Natural Horsemanship and our Approach
With the Wild Horses of AlbertA,Canada
Mutual trust and respect is the essential in the relationship between human and horse.
When will a horse fully trust and respect?
To understand that, one needs to understand how a horse thinks and feels, how horses interact between each other in a herd. In general, horses won't differ, if you are horse or human. If you make them feel good, if they feel safe around you and comfortable, they will stay with you, regardless of who or what species you are.
Horses use foremost body language to communicate. And that's what we work with, which doesn't exclude verbal cues.
Through repetition, patience and a right timed reward, horses learn quickly. It is important to remember that the clearer your message is, the easier the horse will understand and the faster they learn.
Horses can be quite nasty to each other. In order to establish respect and their pecking order, they will kick, bite and vigorously fight each other. What becomes dangerous to a human is that horses don't care if you make out only 15-20 % of their body and muscle weight, they will treat you no differently then their fellow mates.
Meaning, you will get kicked, bitten and stamped (also bucked off) by a horse that disrespects you.
Trust and respect are connected.
If a horse respects you, it will trust you. No horse will follow you, if they feel uncomfortable or unsafe with you.
For thousands of years, horses have survived in the wild, where they were and still are, exposed to death through predators and natural disasters.
A horses brain has evolved to function in a way that differs from a human brain.
Horses are herd animals.
It is crucial for horses to have a herd leader. A leader they trust and respect. They know, a strong leader will protect and lead them to safety, food and water. Nothing else matters. That's the way the horses brain is wired. In order to insure the best possible leader, horses constantly test.
They test 24 hours a day, every day, who is stronger, smarter.
And that's what they do to us, too.
The method we use, is built on one key stone: understanding & communication.
Miscommunication is the biggest enemy to a healthy relationship. It is crucial to pick up everything that your horse communicates. And horses communicate all the time, they actually share their emotions constantly.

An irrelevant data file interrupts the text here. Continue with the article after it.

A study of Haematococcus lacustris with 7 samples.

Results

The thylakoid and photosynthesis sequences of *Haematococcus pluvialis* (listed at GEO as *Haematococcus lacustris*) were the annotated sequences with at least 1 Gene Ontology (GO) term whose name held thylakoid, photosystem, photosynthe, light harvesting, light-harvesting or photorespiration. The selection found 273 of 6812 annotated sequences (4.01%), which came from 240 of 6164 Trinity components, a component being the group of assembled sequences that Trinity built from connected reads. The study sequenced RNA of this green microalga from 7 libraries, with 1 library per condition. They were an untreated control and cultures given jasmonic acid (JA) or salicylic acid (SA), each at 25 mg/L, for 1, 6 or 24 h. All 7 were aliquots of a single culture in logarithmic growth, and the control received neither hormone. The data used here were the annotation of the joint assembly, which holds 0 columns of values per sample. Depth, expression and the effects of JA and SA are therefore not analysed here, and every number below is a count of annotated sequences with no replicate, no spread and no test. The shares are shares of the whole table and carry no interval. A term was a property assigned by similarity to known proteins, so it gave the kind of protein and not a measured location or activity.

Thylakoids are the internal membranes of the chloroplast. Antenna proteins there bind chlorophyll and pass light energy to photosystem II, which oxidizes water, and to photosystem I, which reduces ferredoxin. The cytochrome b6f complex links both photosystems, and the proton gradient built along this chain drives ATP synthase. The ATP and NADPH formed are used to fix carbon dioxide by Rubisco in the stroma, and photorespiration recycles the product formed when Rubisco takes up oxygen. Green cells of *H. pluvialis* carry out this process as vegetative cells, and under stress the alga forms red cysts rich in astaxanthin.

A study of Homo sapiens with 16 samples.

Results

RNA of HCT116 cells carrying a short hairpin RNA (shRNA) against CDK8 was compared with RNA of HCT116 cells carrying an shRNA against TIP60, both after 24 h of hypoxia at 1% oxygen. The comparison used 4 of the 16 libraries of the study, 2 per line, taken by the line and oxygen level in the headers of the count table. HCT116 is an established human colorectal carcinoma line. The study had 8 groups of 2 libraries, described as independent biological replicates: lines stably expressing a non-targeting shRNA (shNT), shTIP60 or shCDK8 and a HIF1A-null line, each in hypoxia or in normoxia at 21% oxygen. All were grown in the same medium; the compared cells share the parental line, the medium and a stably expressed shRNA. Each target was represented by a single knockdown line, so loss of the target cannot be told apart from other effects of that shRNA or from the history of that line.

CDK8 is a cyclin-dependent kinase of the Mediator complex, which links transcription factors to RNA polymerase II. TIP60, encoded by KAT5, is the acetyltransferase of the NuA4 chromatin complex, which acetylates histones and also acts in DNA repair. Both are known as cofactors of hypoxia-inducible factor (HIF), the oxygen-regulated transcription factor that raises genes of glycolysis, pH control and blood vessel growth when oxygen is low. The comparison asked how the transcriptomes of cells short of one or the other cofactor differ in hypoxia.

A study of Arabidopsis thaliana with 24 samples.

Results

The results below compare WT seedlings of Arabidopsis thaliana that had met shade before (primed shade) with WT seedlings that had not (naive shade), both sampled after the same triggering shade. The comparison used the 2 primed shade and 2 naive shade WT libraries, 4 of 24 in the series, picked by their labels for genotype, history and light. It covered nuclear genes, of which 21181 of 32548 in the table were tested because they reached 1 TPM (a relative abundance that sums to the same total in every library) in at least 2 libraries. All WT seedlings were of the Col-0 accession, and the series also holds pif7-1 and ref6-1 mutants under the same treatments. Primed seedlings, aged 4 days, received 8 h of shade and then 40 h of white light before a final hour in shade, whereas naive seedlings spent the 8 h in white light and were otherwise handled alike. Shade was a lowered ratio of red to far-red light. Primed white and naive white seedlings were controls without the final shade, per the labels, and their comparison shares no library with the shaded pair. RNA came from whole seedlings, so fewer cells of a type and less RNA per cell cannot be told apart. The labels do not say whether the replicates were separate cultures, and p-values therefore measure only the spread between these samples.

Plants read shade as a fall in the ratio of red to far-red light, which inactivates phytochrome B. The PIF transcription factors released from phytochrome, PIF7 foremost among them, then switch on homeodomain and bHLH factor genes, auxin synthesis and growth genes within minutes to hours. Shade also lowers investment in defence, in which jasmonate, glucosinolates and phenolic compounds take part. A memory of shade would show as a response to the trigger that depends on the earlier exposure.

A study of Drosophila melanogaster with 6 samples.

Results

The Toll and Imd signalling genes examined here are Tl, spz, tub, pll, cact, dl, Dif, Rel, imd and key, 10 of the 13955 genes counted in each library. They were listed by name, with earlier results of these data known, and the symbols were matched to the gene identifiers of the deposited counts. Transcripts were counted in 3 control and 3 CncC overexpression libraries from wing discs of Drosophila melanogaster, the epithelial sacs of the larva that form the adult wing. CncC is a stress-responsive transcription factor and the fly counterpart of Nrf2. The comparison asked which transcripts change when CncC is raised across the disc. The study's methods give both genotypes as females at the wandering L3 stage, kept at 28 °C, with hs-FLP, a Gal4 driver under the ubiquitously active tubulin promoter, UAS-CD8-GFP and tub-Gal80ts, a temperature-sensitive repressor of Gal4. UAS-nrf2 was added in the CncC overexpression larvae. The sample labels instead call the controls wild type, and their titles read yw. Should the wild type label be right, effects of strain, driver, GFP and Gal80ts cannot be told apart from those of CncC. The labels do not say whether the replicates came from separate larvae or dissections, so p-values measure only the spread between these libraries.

It is like learning a foreign language.
And our aim is to teach you this language so that you can ultimately acquire the "feel".
Having the feel for horses is what makes you one of them. This is what makes you a confident and safe horseman/ horsewoman.
No matter your discipline, your horse breed, your age or experience
- when you understand horses, you can communicate and reach full body control in a natural way. You will have a trusting and successful partnership, that will lead you anywhere you decide and dream of.
Exercises, easy to follow for horse and rider, from ground and from the saddle, are the tools we give you to establish trust and respect.
There can be countless different situations you can find yourself in with a horse, but with a trusting and respecting partner and the tools to keep your relationship healthy, you won't have to worry anymore.
That is our mission.
With the TarpanS, Wild Horses of Bulgaria
As a teenager, I made my first serious contact with horses in a riding club in Sofia, where I practiced jumping and dressage.
After my certification as a trainer and instructor, I began my professional career in an equestrian center specialist in Western Riding and Natural Horsemanship, teaching clients and training horses at all levels for seven years.
Having gained experience, I became the first mobile horse trainer by the methods of Natural Horsemanship in Bulgaria, who aims to help and train as many people and horses as possible for their mutual and safe understanding.
I grew up behind the scenes of the Berlin State Opera, where both of my parents were soloists of the ballet ensemble. After a successful career as a ballerina myself at the Vienna State Opera, I devoted myself to travel, photography and horseback riding. I studied horseback riding in the classical disciplines in Germany. Moving to New Zealand, I began horse riding and training with a local family of trainers and horsemen rehabilitating the local Kaimanawa's (wild horses). Upon my return to Bulgaria, I completed a course and was hired to work as a riding instructor and horse trainer.
I am currently studying to be a certified equine assisted therapist, majoring in psychology to help improve mental health in adults and children with PTSD (post-traumatic stress disorder) and burnout syndrome with the help of my horses.